Ever notice that there is always at least one or two cases that stick around on the worklist day after day? Perhaps, it was a complicated case for which someone is waiting for a consult. Or, maybe the technologist took the wrong MRI sequence and needed to bring the patient back. Regardless, you will see this all-too-familiar case on the worklist for what seems like eons at a time. But, at what point does the case become a hazard to the patient, institution, or radiologist? Is there a formal deadline for a final interpretation? Can radiologists even get paid for these ancient cases? And, at what point, do we need to bite the bullet and dictate the darn thing?
Believe it or not, this deadline for radiology case interpretation is a complex issue. It is not quite like the “best by” date on a package of bread. (although that date can be a little confusing as well!) And, like most complex issues in this world, the answer to how long you can sit on a case depends. Furthermore, I would go as far as to say that each case has several different shelf lives depending on the eye of the beholder. Each time is more relevant to a specific entity within the health care system. Let’s categorize them into the standard institutional time limit for the institution, the deadline for excellent patient care by the radiologist, the legal time limit for the attorneys, and the expiration time for reimbursement by the billers. So, let’s go into through what each of these means.
Hospital Statistical Deadline
Many of you have probably heard of the time to transcription. Well, that is an example of a statistic that many hospitals, practices, and institutions monitor closely. In some centers, if there is a case that goes past that typical time, the institution may flag it or call the doctor to let them know. Each institution has its numbers based on the type and the place performed. For instance, an ER x-ray may have a mean time to transcription of a few hours. And, a non-emergent MRI may have a typical time to transcription of 24 hours. We can consider those cases that significantly surpass these time limits to exceed the standards of the hospital or the credentialing societies. And, sometimes, this may be at a detriment to patient care. Other times, not as much. (depending on the case!) All this brings us to the next limit.
Quality Patient Care Deadline
OK. So, you’ve run past the “hospital statistical deadline.” But all is not lost. Depending on the situation, you may be well within the expiration date for quality patient care. Sometimes, it pays to wait past the hospital’s statistical expiration time. Let’s take, for example, an oncological CT scan that sits waiting for comparison. If you were to dictate it right off the bat, you would have a meaningless report. Why? The oncologist most likely wants to know if the lung cancer metastatic disease is better, worse, or unchanged. In this situation, you cannot provide that answer with only a single time point. So, the hospital statistical expiration time often does not necessarily match up with the time it takes for quality patient care.
Simply put, this time is when the radiologist or institution becomes legally responsible for any findings missed because of a lack of interpretation. This time frame is a little bit more shadowy and vague. To understand this expiration time, think about the nighttime floor film that has a pneumothorax. If you do not read this case in a reasonable amount of time, and the findings go unnoticed, you and your group can be in for some trouble. But, this legal time limit can vary depending on the situation. Indeed, if the clinician notifies a radiologist to read the film immediately, and the radiologist does not, that could be a cause for immediate liability. On the other hand, if the clinician ordered a study without any priority notification, the timing for radiologist liability can become a lot longer. Additionally, in any given case, the time of delay in interpretation that can cause radiologist liability can vary widely depending on the situation, location, and jury (if the case goes to trial!)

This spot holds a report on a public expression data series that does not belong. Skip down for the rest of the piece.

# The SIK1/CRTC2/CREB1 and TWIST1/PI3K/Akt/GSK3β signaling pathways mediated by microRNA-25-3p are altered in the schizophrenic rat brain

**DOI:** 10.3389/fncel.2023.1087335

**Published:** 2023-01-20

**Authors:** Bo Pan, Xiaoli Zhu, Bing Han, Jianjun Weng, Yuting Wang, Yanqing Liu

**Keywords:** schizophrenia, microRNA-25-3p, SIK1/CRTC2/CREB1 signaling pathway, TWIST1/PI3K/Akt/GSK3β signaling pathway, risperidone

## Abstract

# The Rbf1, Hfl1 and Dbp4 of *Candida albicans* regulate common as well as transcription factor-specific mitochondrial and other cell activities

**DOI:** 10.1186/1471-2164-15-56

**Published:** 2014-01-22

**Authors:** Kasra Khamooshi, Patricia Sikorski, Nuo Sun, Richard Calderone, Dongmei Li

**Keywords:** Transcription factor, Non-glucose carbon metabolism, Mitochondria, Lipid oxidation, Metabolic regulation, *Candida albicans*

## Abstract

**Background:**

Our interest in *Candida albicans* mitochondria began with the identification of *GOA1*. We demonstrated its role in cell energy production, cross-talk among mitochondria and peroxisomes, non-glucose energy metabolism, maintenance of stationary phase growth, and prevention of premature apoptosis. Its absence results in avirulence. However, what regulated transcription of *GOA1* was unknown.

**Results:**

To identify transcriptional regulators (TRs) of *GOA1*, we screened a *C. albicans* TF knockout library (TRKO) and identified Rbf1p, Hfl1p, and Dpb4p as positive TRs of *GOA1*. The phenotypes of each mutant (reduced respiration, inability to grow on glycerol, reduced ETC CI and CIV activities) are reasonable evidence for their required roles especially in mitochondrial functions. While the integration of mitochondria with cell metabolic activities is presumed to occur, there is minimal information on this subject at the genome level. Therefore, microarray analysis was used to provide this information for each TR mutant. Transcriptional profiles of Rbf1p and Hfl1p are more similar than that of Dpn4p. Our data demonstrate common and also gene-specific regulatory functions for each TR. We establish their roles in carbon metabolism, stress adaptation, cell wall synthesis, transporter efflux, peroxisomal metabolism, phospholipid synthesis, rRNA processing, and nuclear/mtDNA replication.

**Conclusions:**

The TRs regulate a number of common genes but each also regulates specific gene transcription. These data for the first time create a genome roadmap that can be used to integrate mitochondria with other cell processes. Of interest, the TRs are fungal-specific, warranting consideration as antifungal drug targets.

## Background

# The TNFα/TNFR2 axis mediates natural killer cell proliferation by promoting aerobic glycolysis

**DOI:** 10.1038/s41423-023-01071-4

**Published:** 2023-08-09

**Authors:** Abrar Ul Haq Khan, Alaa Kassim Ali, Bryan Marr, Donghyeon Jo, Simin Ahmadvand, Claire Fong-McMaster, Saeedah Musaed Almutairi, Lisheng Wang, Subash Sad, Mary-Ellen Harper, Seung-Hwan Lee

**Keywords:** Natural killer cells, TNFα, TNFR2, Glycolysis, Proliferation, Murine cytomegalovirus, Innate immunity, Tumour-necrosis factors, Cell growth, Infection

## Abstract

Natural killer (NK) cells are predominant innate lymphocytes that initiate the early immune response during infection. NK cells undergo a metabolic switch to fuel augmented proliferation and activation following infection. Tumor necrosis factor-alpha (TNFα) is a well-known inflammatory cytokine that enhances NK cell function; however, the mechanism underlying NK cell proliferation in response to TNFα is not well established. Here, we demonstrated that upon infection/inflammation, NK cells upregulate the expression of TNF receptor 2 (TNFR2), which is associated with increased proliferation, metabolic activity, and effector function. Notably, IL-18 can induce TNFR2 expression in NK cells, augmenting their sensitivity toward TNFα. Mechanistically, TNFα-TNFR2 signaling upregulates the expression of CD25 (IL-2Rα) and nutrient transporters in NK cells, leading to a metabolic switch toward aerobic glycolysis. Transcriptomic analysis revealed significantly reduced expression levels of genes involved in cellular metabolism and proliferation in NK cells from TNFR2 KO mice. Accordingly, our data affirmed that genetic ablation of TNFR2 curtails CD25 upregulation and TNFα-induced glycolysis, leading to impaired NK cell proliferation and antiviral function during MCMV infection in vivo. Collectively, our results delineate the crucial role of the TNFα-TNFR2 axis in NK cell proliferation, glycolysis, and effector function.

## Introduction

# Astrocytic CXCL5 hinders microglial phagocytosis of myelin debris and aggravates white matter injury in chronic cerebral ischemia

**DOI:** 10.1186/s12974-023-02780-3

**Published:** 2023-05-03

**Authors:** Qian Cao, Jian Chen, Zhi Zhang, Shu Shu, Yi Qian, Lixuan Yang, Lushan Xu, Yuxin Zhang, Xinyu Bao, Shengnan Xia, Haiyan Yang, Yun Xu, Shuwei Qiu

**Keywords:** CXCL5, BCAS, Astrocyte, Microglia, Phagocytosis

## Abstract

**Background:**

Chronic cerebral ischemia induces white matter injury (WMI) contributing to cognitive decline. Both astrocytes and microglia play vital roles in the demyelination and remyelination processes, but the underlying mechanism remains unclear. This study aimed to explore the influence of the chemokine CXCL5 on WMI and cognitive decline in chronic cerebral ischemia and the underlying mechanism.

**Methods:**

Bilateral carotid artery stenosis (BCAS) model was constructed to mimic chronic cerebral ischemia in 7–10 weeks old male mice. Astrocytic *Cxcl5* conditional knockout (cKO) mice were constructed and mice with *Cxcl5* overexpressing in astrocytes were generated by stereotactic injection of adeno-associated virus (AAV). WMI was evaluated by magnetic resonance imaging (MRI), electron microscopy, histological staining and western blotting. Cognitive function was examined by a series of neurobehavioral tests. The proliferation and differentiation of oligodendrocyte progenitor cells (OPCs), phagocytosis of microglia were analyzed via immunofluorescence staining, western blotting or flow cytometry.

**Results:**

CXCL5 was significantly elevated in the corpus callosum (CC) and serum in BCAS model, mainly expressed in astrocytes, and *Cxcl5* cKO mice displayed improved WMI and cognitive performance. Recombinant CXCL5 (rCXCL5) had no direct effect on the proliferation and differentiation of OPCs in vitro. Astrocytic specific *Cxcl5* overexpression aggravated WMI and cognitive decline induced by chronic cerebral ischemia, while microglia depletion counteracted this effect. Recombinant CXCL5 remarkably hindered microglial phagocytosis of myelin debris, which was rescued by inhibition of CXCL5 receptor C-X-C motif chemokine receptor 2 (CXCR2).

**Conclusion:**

And then finally, we have the reimbursement expiration time. Believe it or not, this was difficult information to find on the web. In my opinion, it is because insurers do not want to advertise these dates. But, Scott Raley, the client service manager from Zotec Partners, gave me a few benchmark dates to remember. He stated that the reimbursement expiration time for Medicare cases is one year, and Medicaid is 180 days. For private insurers, this time can vary depending on the contract negotiated. But it typically ranges from 90-180 days. So, these times vary widely.
The Deadline For Final Radiology Interpretation- More Than Meets The Eye
Whew. So, there you have it. The shelf life of a radiology case can vary depending on the eye of the beholder. For the hospital, it’s one time. For the radiologist, it’s another. And if you are a lawyer or a biller, you will worry about other times of expiration. The bottom line is that you should be aware of all the consequences of those films that lag on the list forever. So, if you see one of these cases on the worklist, don’t just let sit. See if you can figure out why it’s there and follow it through to its conclusion. The patient, hospital, and radiologist will benefit immensely!